More than 60 people died when Al-Shabaab militants raided an upscale mall in Nairobi and held shoppers hostage for four days.
Although Homeland Security and the FBI say they are not aware of a specific, credible plot against U.S. malls, they've worked to improve security in light of the attack in Kenya.
Last year, the FBI teamed up with various malls nationwide to increase preparedness, a law enforcement official told CNN. It tested the readiness of SWAT teams by staging fake attacks at malls when they were closed, the official said.
Since then, the FBI has had a program that works with malls to improve security, the official said.
Competing for attention
The Somalia-based terror group has limited past attacks to its home country and neighboring Kenya and Uganda.
But as other terror groups such as ISIS
have made vicious headlines, Al-Shabaab may be feeling left out, U.S. officials said.
The Department of Homeland Security and the FBI say they believe the video was the militants' attempt to compete for attention and recruits with other terrorist groups, one official said.
Al-Shabaab's strength is compromised, a U.S. law enforcement official said, and while the group has the desire to see a mall attack in the U.S., it probably isn't able to do so.
Caution urged, nonetheless
Despite what some officials described as an attention ploy, security was beefed up in malls listed as potential targets.
Homeland Security Secretary Jeh Johnson said there's no credible evidence suggesting a U.S. mall attack is in the works. But shoppers should be vigilant nonetheless, he said.
"There will be enhanced security (at malls)," he said Sunday. "But public vigilance, public awareness and public caution in situations like this is particularly important, and it's the environment we're in, frankly."
Stressing that there is no known credible threat to any mall, Johnson cautioned that attacks can be unpredictable.
"I won't know about when the next bad actor is going to strike," he said.
'We take any potential threat seriously'
In Bloomington, Minnesota, home to Mall of America, one of the shopping centers named in the video, law enforcement agencies said they remain vigilant.
"Enhanced security measures to include additional personnel have been implemented and all information is being monitored," local police said in a statement Sunday.
The mall said it takes any "potential threat seriously" and has implemented extra security.
"We have protocols in place that as things happen we can ramp up and we've implemented some of those strategies," said Bloomington Police Chief Jeff Potts. "Some of them are things that people wouldn't notice."
Michael Rozin, a security consultant to the Mall of America, said that dedicated explosive-detection dog teams patrol the mall. Officers are trained specifically in behavior-detection techniques, he said.
The mall also has its own intelligence branch and a station where teams monitor chatter on social media, according to Rozin.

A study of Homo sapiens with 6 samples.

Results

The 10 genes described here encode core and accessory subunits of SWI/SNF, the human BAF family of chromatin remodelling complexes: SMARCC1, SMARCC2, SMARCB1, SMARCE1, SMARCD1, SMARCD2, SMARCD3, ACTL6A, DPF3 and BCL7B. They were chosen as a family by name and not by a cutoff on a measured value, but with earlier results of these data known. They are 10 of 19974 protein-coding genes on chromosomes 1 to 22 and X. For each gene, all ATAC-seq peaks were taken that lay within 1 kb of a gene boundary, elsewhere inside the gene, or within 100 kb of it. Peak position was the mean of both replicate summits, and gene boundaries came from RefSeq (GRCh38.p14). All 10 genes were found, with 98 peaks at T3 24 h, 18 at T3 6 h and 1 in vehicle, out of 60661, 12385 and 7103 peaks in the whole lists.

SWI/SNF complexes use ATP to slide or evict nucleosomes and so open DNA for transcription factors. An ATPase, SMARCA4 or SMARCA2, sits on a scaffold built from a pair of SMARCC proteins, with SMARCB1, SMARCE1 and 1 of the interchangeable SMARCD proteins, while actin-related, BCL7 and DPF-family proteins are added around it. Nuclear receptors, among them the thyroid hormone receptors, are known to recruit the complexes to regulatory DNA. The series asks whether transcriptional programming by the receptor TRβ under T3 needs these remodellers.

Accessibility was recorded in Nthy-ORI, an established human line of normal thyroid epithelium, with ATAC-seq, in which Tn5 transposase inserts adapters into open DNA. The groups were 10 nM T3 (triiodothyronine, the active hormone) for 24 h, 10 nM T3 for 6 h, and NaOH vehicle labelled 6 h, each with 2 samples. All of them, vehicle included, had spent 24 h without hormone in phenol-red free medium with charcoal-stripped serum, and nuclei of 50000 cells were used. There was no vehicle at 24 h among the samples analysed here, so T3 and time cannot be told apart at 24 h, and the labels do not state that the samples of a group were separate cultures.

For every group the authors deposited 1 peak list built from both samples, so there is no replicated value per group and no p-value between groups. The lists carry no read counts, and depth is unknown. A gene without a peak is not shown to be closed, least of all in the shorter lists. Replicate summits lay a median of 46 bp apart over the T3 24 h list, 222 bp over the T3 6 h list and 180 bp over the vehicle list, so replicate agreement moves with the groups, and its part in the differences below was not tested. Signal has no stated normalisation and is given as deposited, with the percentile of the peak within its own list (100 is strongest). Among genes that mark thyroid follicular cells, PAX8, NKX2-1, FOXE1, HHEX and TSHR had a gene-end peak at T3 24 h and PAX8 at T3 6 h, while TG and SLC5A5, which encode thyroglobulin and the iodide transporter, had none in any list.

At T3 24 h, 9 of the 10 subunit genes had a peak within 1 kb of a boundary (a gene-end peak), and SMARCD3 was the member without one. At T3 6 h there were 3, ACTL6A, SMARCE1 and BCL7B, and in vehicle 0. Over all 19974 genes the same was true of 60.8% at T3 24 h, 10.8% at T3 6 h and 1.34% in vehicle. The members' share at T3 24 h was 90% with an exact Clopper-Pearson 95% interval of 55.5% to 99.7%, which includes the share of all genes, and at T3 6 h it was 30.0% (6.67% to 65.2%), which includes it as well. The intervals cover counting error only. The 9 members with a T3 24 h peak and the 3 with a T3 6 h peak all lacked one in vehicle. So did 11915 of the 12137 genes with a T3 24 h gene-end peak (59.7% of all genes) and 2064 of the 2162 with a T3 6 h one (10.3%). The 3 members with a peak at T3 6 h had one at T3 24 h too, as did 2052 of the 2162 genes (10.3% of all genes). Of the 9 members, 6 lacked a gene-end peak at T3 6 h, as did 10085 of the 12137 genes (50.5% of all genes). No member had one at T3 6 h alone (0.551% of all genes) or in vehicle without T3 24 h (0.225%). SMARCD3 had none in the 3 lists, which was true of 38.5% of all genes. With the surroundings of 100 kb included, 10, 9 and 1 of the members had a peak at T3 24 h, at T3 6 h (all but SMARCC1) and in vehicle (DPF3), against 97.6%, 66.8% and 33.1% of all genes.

The West Edmonton Mall in Alberta, Canada, which was also named in the video, said it has boosted security and is working with federal and local law enforcement agencies.
"Canada will not be intimidated by threats from any terrorist organization," Public Safety Minister Steven Blaney said.
The video also mentioned shopping centers in the UK.
Westfield Corp. said there is no "evidence of an imminent threat" to its shopping centers, but it's taking steps to ensure safety.
UK Metropolitan Police Counter Terror Command also said it is aware of the video.
Reaction from the Somali community
Amano Dube, a leader in the Somali community in Minneapolis, said radicalization is a great concern.
"The root cause of the problem is poverty, identity crisis and a lack of education," he told CNN. "We have to create projects and programs and opportunities for these young men to focus on the future and positive life-changing things."
The Somali community has met to discuss the video and to address it in a unified manner, he said, likening radicalization to a disease.
"We have to work hard for our community and families, to dismantle this; it's a grave concern," Dube said. "With social media ... it has really given the best opportunities for this evil to affect all communities and ages."
Al-Shabaab's previous targets
Although Al-Shabaab's past attacks have been limited to East Africa, the militants have heavily recruited in Minneapolis, where young men have been slipping away to join the terror group. The city is home to the largest Somali population in the United States.
In addition to Kenya and Somalia
, Al-Shabaab has also struck in Uganda, where it killed dozens gathered to watch a World Cup soccer match
in Kampala five years ago. Kenya and Uganda have sent their forces to neighboring Somalia to battle the extremists.
As the attacks get more daring, the international community has rallied to fight the militants.
Last year, a U.S. airstrike in Somalia killed the Al-Shabaab leader. The terror group later replaced him and vowed to avenge his death.
Al-Shabaab started off with a goal of waging a war against the Somali government in an effort to implement a stricter form of Islamic law, or Sharia.
It has since shifted focus to terrorist attacks in Somalia and beyond.